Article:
Apparently Secure (NatureServe)
S. b. taverneri
|Spizella breweri taverneri|
Swarth & Brooks, 1925
The timberline sparrow (Spizella breweri taverneri) is a taxonomically controversial American sparrow. Usually treated as a subspecies of Brewer's sparrow, it is considered a distinct species Spizella taverneri by some authorities.[ who? ] While the timberline sparrow recognizably differs in some details, there is little reproductive isolation between the taxa.[ citation needed ]
When it was still considered a species, it was listed as being of least concern by the IUCN.
The American tree sparrow, also known as the winter sparrow, is a medium-sized New World sparrow.
The chipping sparrow is a species of New World sparrow, a passerine bird in the family Passerellidae. It is widespread, fairly tame, and common across most of its North American range.
The field sparrow is a small New World sparrow in the family Passerellidae. It is about 140 mm (6 in) long and weighs about 12.5 g (0.4 oz). The head is grey with a rust-coloured crown, white eye-ring and pink bill. The upper parts are brown streaked with black and buff, the breast is buff, the belly is white and the tail is forked. There are two different colour morphs, one being greyer and the other more rufous.
The clay-colored sparrow or clay-coloured sparrow is a small New World sparrow of North America.
The genus Spizella is a group of American sparrows in the family Passerellidae.
Percy Algernon Taverner was a Canadian ornithologist and architect.
Brewer's sparrow is a small, slim species of American sparrow in the family Passerellidae. This bird was named after the ornithologist Thomas Mayo Brewer.
The black-chinned sparrow is a small bird in the genus Spizella, in the New World sparrow family Passerellidae. It is found in the southwestern United States and throughout much of Mexico north of the Isthmus of Tehuantepec; most populations in the US migrate south after breeding while those in Mexico are . It is a slim, long-tailed bird, primarily gray with a reddish-brown back streaked with black, brown wings and tail, a pink beak, and brownish legs and feet. In the breeding season, the male shows black on his throat, chin, and the front of his face. Females, youngsters and nonbreeding males show little or no black in these areas. An unobtrusive bird, it spends much of its time foraging slowly along the ground, either alone or in small groups, sometimes mixing with other Spizella species. It is an omnivore, feeding primarily on seeds during the winter and insects during the summer. It builds a cup-shaped nest of grasses, rootlets, or plant fibers, into which the female lays 2–5 pale blue eggs. The female does most or all of the egg incubation, but both parents feed the hatched nestlings.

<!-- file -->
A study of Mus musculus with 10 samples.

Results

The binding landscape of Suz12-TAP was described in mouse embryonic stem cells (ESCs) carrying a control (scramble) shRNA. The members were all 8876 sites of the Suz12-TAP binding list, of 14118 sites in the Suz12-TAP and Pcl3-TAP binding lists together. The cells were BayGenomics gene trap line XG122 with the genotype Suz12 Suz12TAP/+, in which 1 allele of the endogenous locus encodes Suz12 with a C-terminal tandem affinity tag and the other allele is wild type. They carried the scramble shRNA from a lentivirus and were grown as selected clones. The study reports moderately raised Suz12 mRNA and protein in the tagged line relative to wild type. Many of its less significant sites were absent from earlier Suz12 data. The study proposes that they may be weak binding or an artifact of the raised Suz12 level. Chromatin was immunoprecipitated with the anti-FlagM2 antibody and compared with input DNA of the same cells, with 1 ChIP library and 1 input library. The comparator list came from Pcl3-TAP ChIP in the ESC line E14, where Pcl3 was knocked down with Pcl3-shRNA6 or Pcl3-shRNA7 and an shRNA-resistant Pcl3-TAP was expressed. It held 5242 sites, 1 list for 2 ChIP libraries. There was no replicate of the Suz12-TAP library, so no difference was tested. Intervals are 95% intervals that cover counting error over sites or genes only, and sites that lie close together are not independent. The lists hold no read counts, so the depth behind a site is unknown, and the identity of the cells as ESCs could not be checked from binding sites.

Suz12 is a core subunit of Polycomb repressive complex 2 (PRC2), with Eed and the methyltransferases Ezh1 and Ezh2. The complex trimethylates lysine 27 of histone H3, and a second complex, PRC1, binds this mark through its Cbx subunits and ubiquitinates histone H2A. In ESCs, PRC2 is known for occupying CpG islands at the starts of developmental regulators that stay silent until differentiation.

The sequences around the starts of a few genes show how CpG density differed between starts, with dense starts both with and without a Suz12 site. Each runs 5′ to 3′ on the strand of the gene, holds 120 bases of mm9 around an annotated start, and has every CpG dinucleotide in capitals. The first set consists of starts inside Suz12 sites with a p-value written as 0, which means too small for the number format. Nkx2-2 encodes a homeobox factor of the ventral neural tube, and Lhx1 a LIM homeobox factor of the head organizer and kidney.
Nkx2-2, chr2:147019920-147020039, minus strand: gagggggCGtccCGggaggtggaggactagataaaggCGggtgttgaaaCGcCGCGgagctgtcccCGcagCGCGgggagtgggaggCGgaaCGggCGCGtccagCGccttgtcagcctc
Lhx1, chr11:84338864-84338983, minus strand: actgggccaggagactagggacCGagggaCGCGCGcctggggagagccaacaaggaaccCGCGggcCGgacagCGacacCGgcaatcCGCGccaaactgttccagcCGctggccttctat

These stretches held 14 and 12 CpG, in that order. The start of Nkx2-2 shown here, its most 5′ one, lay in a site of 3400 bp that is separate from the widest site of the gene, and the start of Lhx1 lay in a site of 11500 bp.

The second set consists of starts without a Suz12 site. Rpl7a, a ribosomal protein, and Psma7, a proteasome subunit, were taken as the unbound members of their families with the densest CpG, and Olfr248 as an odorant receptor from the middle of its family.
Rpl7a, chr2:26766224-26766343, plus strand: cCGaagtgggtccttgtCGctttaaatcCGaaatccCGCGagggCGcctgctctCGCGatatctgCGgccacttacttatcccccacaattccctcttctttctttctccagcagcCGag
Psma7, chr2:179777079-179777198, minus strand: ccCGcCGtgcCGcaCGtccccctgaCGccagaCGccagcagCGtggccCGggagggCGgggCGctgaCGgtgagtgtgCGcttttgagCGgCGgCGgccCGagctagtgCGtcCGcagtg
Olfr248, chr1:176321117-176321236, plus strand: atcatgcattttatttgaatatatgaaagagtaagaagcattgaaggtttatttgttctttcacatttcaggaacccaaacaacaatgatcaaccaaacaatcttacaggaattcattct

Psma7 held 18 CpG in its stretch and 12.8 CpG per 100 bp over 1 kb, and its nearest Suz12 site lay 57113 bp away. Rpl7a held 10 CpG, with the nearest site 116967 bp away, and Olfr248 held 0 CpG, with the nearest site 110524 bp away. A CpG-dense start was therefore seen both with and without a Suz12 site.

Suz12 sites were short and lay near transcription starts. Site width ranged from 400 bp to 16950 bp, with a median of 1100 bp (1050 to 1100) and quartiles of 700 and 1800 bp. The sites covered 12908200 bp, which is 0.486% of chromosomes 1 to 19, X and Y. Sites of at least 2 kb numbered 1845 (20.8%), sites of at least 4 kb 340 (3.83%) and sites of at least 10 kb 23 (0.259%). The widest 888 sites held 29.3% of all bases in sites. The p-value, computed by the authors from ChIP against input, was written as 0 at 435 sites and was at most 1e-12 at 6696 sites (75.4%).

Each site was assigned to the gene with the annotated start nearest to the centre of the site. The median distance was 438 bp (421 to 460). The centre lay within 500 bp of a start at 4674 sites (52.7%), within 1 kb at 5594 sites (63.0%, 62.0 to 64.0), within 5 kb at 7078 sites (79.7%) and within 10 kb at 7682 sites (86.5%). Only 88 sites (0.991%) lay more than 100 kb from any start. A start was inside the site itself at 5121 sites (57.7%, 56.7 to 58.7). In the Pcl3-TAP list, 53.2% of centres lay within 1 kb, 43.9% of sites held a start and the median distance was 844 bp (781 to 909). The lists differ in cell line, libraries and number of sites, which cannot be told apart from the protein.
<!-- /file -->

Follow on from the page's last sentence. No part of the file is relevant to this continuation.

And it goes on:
The desert sparrow is a species of bird in the sparrow family Passeridae, found in the Sahara Desert of northern Africa. A similar bird, Zarudny's sparrow, is found in Central Asia and was historically recognised as a subspecies of the desert sparrow, but varies in a number of ways and is now recognised as a separate species by BirdLife International, the IOC World Bird List, and the Handbook of the Birds of the World Alive.
Swainson's sparrow is a species of bird in the sparrow family Passeridae. Sometimes considered a subspecies of the grey-headed sparrow, it occurs in northeastern Africa, largely in the Ethiopian Highlands. This sparrow was named after the English naturalist and illustrator William John Swainson.
The volcano junco is a New World sparrow endemic to the Talamancan montane forests of Costa Rica and western Panama.
The Timor sparrow, also known as Timor dusky sparrow is a small, approximately 14 cm long, plump dark brown songbird with a large silvery-blue bill, white cheek, pink feet and creamy-white belly. Both sexes are similar.
Worthen's sparrow is a species of American sparrow that is endemic to northeastern Mexico. It was first described by Robert Ridgway in 1884 and named for the American naturalist Charles K. Worthen. This small bird has been listed as endangered by the IUCN since 1994.
The Daghestan pine vole is a species of rodent in the family Cricetidae. It is found in Russia, Georgia, Armenia, and Azerbaijan.
The dusky field rat, also known as the canefield rat, is a species of rodent in the family Muridae. It is found in Australia, Indonesia, and Papua New Guinea. In Australia it is found in northern Queensland and along the east coast as far south as Shoalwater Bay, where it is plentiful, and on South West Island in the Sir Edward Pellew Group off the Northern Territory, where it is considered a threatened species.
Chapin's crombec is an enigmatic African warbler, formerly placed in the family Sylviidae. It is currently considered a subspecies of the white-browed crombec, but might be a distinct species; too little is known about it to determine this now with reasonable certainty.
The yellow-throated greenbul is a species of the bulbul family of passerine birds. It is an African species found in east-central and southern Tanzania.
The central pebble-mound mouse is a species of rodent in the family Muridae, native to Australia. The Kimberley mouse was, until recently, considered distinct from P. johnsoni, but they are now known to be conspecific. It is one of the pebble-mound mice.